The Wolverine Review


Hugh Jackman as Logan / Wolverine

Rila Fukushima as Yukio

Tao Okamoto as Mariko Yashida

Famke Janssen as Jean Grey

Will Yun Lee as Kenuichio Harada

Svetlana Khodchenkova as Viper

Brian Tee as Noburo Mori

Hiroyuki Sanada as Shingen Yashida

James Fraser as Allied POW

Hal Yamanouchi as Yashida

Garret Sato as Dying Yakuza

Luke Webb as Allied POW

Ken Yamamura as Young Yashida

Directed by James Mangold



James Logan AKA Wolverine (Hugh Jackman) has been haunted by nightmares after the death of Jean Grey (Famke Jansen), so he takes up an offer to go to Japan, invited by Kenuichio Harada (Will Yun Lee), an old friend he saved during World War II who is now dying of cancer. Once there, Logan is asked to protect Harada’s granddaughter and heir Mariko (Tao Okamato) as he gets caught up in a deadly web of crime and betrayal just as he’s mysteriously losing his healing powers.


As the summer starts winding down and we start getting to the dregs of summer, here’s one nice late summer surprise for those who may have already tired of “superhero” or “comic book” movies. Hugh Jackman’s return as “The Wolverine,” this one directed by James Mangold (“3:10 to Yuma,” “Walk the Line”), feels like it has very little in common with that popular genre, instead inserting the Marvel Comics character into a blend of Asian film genres that creates something that not only works in context with what came before but also stands on its own.

Based loosely on the 1982 mini-series by Chris Claremont and Frank Miller, the film opens with a prologue involving Logan saving a Japanese soldier from the atomic bomb at Nagasaki before shifting to Canada where Logan has gone to pot following the death of Jean Grey (in “X-Men: The Last Stand”), still haunted by his involvement in her death. When he finds a dying bear in the woods that’s been poisoned by a hunter, he looks for the man responsible, the one portion of Mangold’s film that’s taken almost verbatim from the comics.

After that, it quickly branches off and diverges with many choices made that make for far stronger storytelling. For instance, Logan first meets Yukio, Harada’s fiery assassin, when she comes to Canada to deliver a sword from her master. As one might suspect from the pedigree of the screenwriters–two of them, Christopher McQuarrie (“The Usual Suspects”) and Scott Frank (“The Lookout”) have directed strong crime-thrillers themselves–it’s obvious the main reason “The Wolverine” works as well as it does is because a lot of thought was put into creating a complex story and therefore, a richer film, even though it’s sometimes hard to keep track of all the characters. Once they get to Japan, the attention paid to maintaining Japanese rituals and tradition throughout also proves that Mangold was the right man for the job of directing.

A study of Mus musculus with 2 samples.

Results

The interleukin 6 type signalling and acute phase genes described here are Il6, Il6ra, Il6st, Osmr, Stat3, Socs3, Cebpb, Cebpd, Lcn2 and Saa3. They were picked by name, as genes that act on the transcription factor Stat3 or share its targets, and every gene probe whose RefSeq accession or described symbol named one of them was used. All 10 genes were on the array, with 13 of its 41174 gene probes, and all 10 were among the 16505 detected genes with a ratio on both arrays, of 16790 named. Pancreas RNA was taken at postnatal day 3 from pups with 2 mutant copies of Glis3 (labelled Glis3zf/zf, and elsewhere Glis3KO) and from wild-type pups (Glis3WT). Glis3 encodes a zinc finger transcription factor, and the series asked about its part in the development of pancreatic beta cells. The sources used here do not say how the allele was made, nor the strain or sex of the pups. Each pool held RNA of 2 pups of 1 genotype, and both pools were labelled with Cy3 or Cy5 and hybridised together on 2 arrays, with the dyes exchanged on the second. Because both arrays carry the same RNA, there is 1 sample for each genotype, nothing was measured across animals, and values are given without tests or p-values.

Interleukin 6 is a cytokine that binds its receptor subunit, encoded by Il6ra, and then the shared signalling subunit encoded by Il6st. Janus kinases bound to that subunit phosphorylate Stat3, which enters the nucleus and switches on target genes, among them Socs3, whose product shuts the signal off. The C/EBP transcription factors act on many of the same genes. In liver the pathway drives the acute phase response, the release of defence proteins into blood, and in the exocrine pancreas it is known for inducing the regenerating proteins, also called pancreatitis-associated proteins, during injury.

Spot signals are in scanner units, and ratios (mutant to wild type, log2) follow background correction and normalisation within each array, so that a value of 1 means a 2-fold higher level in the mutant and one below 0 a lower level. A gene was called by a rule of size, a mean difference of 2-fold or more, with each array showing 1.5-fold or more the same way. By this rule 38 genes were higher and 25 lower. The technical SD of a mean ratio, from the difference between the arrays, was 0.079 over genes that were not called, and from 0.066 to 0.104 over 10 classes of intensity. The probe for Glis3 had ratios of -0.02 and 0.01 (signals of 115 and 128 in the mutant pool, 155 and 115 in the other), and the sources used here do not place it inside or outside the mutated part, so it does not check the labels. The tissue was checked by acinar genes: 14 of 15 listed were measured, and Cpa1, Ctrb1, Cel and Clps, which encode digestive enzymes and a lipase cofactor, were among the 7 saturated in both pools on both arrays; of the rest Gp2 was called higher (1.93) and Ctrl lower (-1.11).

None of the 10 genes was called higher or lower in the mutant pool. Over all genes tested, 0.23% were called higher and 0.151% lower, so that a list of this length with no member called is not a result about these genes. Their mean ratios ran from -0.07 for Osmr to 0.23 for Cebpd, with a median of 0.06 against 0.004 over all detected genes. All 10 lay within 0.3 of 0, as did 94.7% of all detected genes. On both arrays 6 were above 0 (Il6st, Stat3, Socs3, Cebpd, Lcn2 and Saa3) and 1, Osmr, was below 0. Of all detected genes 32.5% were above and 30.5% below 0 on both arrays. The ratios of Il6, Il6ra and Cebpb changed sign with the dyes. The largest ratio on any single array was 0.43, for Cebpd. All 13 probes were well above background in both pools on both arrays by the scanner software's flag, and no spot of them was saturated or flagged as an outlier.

All these factors come into play at Harada’s funeral when all breaks loose as Japanese criminals make a play to kill his heir and granddaughter Mariko, leading to a jaw-dropping Hong Kong-style gunfight and chase through the streets of Tokyo and onto a moving bullet train. This is just one genre style Mangold ably plays with over the course of the film as we get Kurosawa-like samurai swordplay and a whole lot of ninjas with the results being far more violent than many other PG-13 superhero movies. The action slows down enough to spend some time establishing the romance between Logan and Mariko, something that happened off-panel in the original comic book series, which gives a welcome respite from the adrenaline-filled action scene leading up to it. Instead of the love triangle between Logan, Mariko and Yukio from the comics, they instead use Jean Grey’s ghost as the “other woman” that threatens to ruin Logan’s attempt to be happy with Mariko.

There’s no question Hugh Jackman really knows this character inside and out and his continuing growth as a dramatic actor greatly helps to give the material far more cinematic depth than most summer movies. While we still get lots of great Wolverine one-liners, this may be the first movie where you really feel Wolverine’s loneliness and pain from living for decades, despite it being a running theme through all the X-movies.

To Mangold’s great credit, he gets solid dramatic performances from his mostly Japanese cast despite them working outside their comfort zone in English and some may be surprised that neither Rila Fukushima, who is a lot of fun as the feisty Yukio, nor Tao Okamoto as Mariko, have acted in a movie before. They both hold themselves well when acting opposite Jackman and the far more experienced actors like Hiro Sanada. It may be a little odd for those who know his work seeing 32-year-old Will Yun Lee playing the older Harada.

The only time the movie really falters in a big way is in the third act when it awkwardly transforms itself into a straight comic book movie, more in the vein of Singer’s first “X-Men” movie, which is also where Mangold seems the least comfortable. Svetlana Khodchenkova’s Viper is the type of comic-booky femme fatale we’ve seen way too many times and she’s nowhere near as good at is as Rebecca Romijn as Mystique, joined by a large seemingly robotic Silver Samurai, which all leads up to a climatic sequence that may be a little hard to swallow. Although things do fall apart by the end, stick around through the credits for a sequence that will give you even higher hopes for Bryan Singer “X-Men un-reboot” out next year.

The Bottom Line:

Fans of the character disappointed by “X-Men Origins” who have been clamoring for a great Wolverine movie, one that lives up to Bryan Singer’s early “X-Men” movies, should be thrilled. Those just wanting a solid, well-made action film might be surprised by how much depth Mangold brings to the mix. The results are the best comic book movie of the summer and one that rarely feels like a comic book movie.